Tuesday, February 06, 2007

What Community Means To Me

This is from a testimony I shared at the Vancouver Community of Christ congregation in Vancouver, British Columbia on 28 January 2007 as part of the Young Adults of the Puget Sound worship service on the theme of "Many Voices, One Community."

I have a confession to make ...I attended Brigham Young University instead of Graceland College. Part of my reason was because tuition was a lot cheaper. It just goes to show that I can be bought for thirty pieces of silver.

When I was at BYU, I didn't volunteer information that I belonged to the RLDS church because I wanted to know what Mormons really thought about our church and I received quite an education that way.

One professor, I remember, explained the differences between Shia and Sunni Islam to our class by comparing the differences between the LDS and RLDS churches. I didn't agree with her comparison, so after class, I told her: "Actually, the better comparison between our two churches would be like the USA and Canada. The LDS Church is a lot wealthier and has more people, while ours is less conservative and the people are a lot nicer."

When I told fellow students of my church membership, the question was always, "Why BYU?" I asked myself that same question every day that I attended. The honest answer was that when I had prayed about where to attend college, the answer came back unmistakeably BYU. It was not even on my radar screen. Whenever I told that to Mormons, they would get excited and saw that as a way to convert me to their church. They tried to convince me that God had sent me to BYU to become a Mormon, and to that, I would say, "if God really wanted me to become a Mormon, He would not have sent me to BYU."

At BYU, I learned a lot about their beliefs and my faith was challenged, but it was a necessary experience for me overall. In my last semester, I was on the intern program in Washington, D.C., the only non-Mormon on the program of about 30 students. We lived in the same apartment complex, so we hung out in the evenings and weekends. We debated politics and theology and some of them couldn't understand why anyone would want to be a member of the RLDS Church. One girl in particular always asked me what it was about the RLDS Church that kept me loyal, and it was hard for me to answer.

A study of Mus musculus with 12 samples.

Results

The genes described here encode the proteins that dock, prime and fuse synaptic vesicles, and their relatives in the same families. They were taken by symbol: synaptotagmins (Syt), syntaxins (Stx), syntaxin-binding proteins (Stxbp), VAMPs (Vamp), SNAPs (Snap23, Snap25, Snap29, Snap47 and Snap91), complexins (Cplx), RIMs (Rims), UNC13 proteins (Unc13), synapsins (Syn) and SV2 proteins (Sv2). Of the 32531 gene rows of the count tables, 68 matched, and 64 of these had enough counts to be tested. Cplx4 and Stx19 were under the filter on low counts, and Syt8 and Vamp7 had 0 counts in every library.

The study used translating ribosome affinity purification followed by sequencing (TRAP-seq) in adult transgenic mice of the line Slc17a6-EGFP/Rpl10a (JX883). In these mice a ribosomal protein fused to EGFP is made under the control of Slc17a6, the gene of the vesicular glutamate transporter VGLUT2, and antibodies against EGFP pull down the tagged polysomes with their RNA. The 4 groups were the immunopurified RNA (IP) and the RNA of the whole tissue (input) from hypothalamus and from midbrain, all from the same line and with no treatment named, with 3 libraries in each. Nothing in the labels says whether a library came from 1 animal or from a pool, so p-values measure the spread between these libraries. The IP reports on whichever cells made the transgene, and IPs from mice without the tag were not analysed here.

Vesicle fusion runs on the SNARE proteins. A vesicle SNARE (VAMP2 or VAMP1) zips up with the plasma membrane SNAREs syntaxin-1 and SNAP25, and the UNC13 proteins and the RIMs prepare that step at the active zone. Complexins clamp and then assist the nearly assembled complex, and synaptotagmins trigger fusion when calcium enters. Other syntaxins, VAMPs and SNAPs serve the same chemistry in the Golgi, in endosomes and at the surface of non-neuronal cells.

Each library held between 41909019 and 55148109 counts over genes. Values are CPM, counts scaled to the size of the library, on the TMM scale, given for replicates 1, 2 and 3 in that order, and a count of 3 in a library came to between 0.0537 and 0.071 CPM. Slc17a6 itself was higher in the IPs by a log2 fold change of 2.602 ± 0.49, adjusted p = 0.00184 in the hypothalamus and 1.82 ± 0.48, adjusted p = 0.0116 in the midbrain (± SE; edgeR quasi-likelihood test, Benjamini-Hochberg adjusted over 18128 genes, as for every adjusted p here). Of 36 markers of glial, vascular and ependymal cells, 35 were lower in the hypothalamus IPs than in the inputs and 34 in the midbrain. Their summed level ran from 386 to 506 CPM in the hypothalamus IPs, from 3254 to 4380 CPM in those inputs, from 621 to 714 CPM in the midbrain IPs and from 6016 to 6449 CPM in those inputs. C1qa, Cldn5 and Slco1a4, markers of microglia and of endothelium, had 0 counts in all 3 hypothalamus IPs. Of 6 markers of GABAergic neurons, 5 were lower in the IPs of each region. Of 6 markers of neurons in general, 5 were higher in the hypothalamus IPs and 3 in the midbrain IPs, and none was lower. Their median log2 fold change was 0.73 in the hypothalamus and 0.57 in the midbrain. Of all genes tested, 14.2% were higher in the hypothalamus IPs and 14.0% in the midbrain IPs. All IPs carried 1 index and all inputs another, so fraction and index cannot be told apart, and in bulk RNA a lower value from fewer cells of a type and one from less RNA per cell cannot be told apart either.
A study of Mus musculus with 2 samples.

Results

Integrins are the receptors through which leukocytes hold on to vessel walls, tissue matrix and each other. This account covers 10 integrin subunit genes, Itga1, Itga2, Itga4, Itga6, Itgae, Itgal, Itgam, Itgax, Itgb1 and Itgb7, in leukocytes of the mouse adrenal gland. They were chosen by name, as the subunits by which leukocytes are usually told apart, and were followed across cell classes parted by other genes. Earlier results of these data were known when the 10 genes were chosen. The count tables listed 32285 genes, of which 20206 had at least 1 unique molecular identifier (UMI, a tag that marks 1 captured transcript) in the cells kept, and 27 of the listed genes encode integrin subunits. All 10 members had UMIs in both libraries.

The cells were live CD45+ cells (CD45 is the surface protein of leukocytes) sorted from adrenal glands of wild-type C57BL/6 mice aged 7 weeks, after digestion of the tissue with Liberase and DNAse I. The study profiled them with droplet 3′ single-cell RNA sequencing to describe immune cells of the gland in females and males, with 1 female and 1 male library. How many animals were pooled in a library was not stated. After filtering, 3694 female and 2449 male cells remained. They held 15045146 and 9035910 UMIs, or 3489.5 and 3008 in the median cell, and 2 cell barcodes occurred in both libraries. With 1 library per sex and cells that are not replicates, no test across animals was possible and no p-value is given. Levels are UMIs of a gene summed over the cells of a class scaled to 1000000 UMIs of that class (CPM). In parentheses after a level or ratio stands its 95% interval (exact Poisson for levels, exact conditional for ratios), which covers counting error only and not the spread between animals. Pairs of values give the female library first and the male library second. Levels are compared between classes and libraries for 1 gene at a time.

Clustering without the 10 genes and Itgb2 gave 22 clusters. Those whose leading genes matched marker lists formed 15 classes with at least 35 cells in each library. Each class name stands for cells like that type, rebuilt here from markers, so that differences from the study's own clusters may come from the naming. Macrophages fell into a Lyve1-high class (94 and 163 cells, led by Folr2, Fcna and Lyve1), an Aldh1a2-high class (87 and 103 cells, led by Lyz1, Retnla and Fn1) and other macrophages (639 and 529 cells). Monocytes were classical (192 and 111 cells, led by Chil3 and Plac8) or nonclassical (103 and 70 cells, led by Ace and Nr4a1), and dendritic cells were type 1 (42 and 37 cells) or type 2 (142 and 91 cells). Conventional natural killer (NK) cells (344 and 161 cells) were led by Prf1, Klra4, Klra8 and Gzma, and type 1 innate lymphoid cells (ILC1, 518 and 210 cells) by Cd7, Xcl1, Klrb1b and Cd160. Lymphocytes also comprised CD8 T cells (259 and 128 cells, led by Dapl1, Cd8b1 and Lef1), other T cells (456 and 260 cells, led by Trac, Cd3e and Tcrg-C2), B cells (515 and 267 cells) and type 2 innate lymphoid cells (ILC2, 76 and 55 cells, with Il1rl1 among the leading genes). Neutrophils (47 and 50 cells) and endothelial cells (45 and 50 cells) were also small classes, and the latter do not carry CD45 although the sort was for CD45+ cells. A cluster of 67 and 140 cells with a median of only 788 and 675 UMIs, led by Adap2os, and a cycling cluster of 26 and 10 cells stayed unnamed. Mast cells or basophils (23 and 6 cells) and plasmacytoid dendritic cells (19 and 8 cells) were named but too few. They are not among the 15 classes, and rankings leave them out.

One Sunday, I took her (Janell Cerva) and one of my roommates (Matt Baker) to church with me at the Washington D.C. congregation on Massachusetts Avenue. During the service, by serendipitous luck, the congregation sang one of my favourite songs: "Pass It On." To my amazement, my Mormon friends had never heard it before. Neither had they heard my other favourite, which we'll sing at the end of this service: "We Are One in the Spirit." I was actually surprised by this.

Last year, I attended the Young Adult retreat at Samish Island and met for the first time Erik, Sean, Aaron, Shannon, and others. When we sang songs from memory, including the two I had just mentioned, it finally hit me what it was about this church community. No matter what congregation I attend, I'm almost guaranteed to meet someone who either knows someone I know, or we had met before.

I feel connected to church members through our common knowledge of songs and our experiences at reunions, retreats, and World Conference. I love the smallness of our church and I've never found the same kind of connection with others outside of this community. To me, that's what community means. As for what I mean to the community, I would hope that people would find value in my experience at BYU. What I most admire about Mormons is their ability to keep young single adults active in their church and it is something I would like to help foster within our own community, because we have something unique to offer the world.


Anonymous said...

Thank you for sharing this great testimony of your spiritual journey! Glad to have you as part of the Community of Christ family!

Mandalynn said...

BYU wasn't that bad, was it? After all, you were able to meet some fantasic people - like me!!

Sansego said...

No, in retrospect, it wasn't bad...but it was the Washington Seminar that made the struggles of the previous 3 years worth it. I went through a lot of loneliness there and not really fitting it. It would've been great if I met you, Jantzen, Janell, and Matt B. and others my first semester at BYU and then we all did the DC seminar. The truth is, I believe God had directed me to attend BYU for whatever reason and it was only years after my experience did I only begin to appreciate what I went through. For one thing, my level of spiritual experiences and knowledge increased. And of course, no experience is without merit if I meet some fantastic people in the process. So thank you!

Sean Langdon said...

Thank you for sharing this with us up at the service in Vancouver! It was great to have you apart of it!! I think the Vancouver congregation really liked your comparison of the LDS and Community of Christ faith to Canada and USA!